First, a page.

The earlier a cow's pregnancy is detected, the better it is for both the cow and the unborn calf. If pregnancy is detected early, the cow is more likely to receiving extra medical attention and feed, along with reducing the likelihood that the cow will be intentionally re-bred. According to University of Florida authors Frederico Moreira and P.J. Hansen, re-insemination is a common cause of miscarriage in newly pregnant cows.
It can be difficult or impossible to diagnose a cow's pregnancy through outward physical symptoms, so a variety of medical tests can be used to indicate pregnancy starting shortly after insemination.
Veterinarians or experienced cattlemen can diagnose pregnancy in a cow by detecting signs of estrus, measuring plasma progesterone levels in milk, ultrasonography and traditional rectal palpation.
According to Moreira and Hansen, cows typically show estrus, or signs of heat, approximately every 21 days. After a cow is inseminated, either naturally or by artificial insemination, the animal's corpus luteum will not regress.
The corpus luteum, or yellow body, is a structure that develops from ovarian follicles during ovulation. Moreira and Hanson say that in the event of pregnancy, "The corpus luteum will not regress, progesterone concentrations will remain high, and the cow will not return to estrus."
If the cow is not observed to enter back into estrus approximately 21 days after end of the previous cycle, it is highly possible the cow is pregnant. Visual signs to detect estrus include tail chalking, mucus production from the vagina, swollen vulva and a willingness to be mounted.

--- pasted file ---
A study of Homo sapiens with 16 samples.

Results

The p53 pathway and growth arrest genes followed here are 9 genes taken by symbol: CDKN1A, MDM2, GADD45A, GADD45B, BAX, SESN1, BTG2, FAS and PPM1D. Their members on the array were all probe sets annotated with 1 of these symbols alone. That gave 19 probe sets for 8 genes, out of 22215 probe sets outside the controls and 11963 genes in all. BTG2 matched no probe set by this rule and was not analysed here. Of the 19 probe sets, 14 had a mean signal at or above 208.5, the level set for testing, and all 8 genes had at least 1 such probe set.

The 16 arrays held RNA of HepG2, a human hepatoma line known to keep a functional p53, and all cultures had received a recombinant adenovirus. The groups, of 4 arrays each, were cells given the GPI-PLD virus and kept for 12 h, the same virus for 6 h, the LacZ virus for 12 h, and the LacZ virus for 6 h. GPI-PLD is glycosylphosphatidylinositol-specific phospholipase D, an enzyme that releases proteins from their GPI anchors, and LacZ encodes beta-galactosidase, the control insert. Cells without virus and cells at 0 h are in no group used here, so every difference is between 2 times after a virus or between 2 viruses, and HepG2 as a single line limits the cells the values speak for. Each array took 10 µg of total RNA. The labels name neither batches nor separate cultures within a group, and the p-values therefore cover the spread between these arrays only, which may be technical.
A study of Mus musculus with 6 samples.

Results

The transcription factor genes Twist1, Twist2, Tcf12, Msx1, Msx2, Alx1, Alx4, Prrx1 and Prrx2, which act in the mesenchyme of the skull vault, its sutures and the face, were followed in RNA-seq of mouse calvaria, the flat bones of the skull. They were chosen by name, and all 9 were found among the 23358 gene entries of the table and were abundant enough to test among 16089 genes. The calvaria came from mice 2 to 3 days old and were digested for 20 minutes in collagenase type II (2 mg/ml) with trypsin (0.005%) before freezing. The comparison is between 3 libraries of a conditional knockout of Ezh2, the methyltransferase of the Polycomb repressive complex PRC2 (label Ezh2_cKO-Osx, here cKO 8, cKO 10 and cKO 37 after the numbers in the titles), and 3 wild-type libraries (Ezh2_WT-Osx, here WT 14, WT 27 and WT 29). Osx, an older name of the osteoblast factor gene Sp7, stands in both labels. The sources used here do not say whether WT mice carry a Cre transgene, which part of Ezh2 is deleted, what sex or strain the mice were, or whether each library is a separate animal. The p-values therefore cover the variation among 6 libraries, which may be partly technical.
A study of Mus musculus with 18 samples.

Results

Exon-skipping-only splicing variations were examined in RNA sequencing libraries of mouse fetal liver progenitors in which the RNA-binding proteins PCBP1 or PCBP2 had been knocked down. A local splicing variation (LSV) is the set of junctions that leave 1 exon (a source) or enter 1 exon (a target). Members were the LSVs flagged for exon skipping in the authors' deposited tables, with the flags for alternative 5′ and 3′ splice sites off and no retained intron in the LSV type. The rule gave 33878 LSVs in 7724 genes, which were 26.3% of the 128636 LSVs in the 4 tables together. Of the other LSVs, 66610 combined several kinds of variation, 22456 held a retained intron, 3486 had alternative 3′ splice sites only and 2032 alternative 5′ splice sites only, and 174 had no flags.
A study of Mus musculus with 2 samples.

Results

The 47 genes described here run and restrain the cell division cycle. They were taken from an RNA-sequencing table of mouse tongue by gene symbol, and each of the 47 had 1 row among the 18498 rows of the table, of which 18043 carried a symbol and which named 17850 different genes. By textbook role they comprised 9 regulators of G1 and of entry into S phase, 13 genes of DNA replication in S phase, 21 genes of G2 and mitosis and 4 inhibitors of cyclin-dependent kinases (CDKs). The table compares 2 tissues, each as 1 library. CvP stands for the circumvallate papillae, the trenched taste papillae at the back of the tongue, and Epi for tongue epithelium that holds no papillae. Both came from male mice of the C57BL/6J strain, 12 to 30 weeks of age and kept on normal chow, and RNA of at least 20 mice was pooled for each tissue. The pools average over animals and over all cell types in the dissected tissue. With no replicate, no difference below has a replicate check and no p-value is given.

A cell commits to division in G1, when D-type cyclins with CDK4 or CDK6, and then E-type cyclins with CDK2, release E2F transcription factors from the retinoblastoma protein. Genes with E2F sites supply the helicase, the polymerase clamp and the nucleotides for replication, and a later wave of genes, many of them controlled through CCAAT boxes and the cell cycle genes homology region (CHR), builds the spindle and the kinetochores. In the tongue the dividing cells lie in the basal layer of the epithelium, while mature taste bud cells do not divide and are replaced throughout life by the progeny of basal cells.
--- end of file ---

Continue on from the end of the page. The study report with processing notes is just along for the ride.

Use of Milk or Plasma Progesterone
Moreira and Hansen write that it is "possible to diagnose cows for pregnancy based on milk or plasma progesterone concentrations at about 21 days after insemination." They recommend collecting milk samples a minimum of two times after insemination and testing the samples for progesterone concentration. Cows with elevated progesterone are probably pregnant.
During ultrasonography, an ultrasound probe is inserted through the rectum and positioned above the uterus, generating pulses of ultrasound that produce an electrical signal. According to Moreira and Hansen, the signal is then processed using a scan converter and displayed on a monitor. The embryo of the unborn calf will be visible on the screen. Ultrasonography diagnoses are highly reliable.
Rectal palpation of the uterus and its contents is the most common form of detecting pregnancy in cows, and it can be conducted accurately as early as 35 days into the pregnancy. According to Moreira and Hansen, the examiner conducting the rectal exam will feel for uterine asymmetry, or slippage of the fetal membrane along the uterus. As the pregnancy progresses, the fetus will grow too large to palpate in its entirety, but parts of the fetus will be felt.
Late Pregnancy Indicators
Once the pregnancy continues into its later stages, the cow's abdomen will become larger and veterinarians may be able to detect a heartbeat in the fetus using ultrasound technology.